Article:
Clay Johnson hammered it in deeply: we need to behave differently, or we will information obese. Author and technologist, Johnson has a fabulous track record in advocating open source information, and governmental tactical transparency. He just launched a website called InfoVegan.com and wrote The Information Diet. Johnson is afraid that an overload of information, mostly junk, will have a disastrous effect on our society, and on us, humans.
Johnson is convinced that the automation and industrialization of the media and the thoughtless consumption of it creates an obesity based on information overload and mass-ignorance. He advises a better “diet”. “There is a strange shift” he claims: “In the past, ignorance was stooled on a blatant lack of information, now an uncontrolled flood of information triggers the same thing.” He points an accusing finger to some of the bigger thinkers in society, journalists and influencers who are more obsessed by increasing clicks and hits and likes than focusing on the quality and trustworthiness of the info that gets released. “For publications, it seems that concentrating on quality is a lost effort: clearly, it does not pay…” That is why he believes we have a collective responsibility in keeping it healthy: “if we all go on an info diet, the media world will be less obese”.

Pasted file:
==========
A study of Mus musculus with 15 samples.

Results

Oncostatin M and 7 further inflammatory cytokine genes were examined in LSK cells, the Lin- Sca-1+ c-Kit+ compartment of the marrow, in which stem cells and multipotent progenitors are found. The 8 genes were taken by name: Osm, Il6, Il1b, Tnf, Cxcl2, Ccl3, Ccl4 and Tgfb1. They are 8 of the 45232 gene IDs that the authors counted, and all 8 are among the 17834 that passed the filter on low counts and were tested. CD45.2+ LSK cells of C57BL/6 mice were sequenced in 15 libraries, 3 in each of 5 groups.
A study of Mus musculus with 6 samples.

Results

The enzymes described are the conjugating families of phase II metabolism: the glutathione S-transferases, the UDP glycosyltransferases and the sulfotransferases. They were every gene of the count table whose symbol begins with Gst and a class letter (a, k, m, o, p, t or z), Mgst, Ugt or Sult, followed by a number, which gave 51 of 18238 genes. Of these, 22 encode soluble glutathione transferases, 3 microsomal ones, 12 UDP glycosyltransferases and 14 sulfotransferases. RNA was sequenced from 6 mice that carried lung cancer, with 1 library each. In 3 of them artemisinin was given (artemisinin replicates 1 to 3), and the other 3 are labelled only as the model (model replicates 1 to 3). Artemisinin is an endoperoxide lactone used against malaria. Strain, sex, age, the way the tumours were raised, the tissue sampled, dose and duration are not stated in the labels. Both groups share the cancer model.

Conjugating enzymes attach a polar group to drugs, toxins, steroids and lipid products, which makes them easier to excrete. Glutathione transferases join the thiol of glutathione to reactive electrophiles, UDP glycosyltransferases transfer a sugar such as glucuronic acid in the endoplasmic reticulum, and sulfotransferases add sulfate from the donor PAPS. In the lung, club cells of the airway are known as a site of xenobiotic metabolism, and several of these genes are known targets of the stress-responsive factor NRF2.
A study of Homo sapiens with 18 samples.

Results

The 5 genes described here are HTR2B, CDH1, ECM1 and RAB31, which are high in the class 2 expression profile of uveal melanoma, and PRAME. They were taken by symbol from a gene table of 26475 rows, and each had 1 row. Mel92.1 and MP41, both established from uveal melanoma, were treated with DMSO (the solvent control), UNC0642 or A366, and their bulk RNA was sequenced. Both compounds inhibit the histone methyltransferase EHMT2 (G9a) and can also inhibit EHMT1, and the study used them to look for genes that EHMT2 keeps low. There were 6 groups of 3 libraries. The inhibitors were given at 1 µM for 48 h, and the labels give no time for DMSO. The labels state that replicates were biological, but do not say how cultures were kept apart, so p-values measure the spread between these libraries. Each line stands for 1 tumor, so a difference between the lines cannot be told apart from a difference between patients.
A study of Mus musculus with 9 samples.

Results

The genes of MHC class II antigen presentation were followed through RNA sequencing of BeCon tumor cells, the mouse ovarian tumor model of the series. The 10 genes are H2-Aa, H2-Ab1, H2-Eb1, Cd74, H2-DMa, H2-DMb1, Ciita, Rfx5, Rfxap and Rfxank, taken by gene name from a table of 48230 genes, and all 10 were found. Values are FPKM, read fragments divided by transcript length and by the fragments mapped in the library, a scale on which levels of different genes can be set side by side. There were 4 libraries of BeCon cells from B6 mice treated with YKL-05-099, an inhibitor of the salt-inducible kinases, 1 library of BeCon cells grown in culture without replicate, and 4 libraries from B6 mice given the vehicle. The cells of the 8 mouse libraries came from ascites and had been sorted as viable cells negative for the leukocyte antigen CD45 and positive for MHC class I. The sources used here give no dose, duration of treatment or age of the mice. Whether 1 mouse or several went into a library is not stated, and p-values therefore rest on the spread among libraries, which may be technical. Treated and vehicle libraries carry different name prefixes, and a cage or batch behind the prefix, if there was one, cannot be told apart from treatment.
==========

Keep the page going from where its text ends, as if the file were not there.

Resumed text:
In his book, he gives a clear path towards a healthy content lifestyle: he urges everyone to write at least 500 words before breakfast: “Be a creator. Be a producer. Set yourself in the state of mind of someone who has something to share. Don’t start your day as a content junkie.” He also advocates to time the periods of media consumption, to switch mail and mobile off on set times, to “go of the web for a couple of hours.” In reducing the time spent immersed in information, he believes we will become more critical on what we consume. “We eat three times a day, do the same thing for media consumption: schedule it!”
Johnson also pleads for more clever content consumption: who is feeding you content, and why. Are they left, right? Is the information biased? Can we verify? “Be a conscious consumer of information, seek information rather than blind affirmation of beliefs you already hold to be true. We need an information diet for more critical, healthier media that starts informing again instead of persuading. We need this diet to re-cultivate a culture of healthy suspicion and common sense.”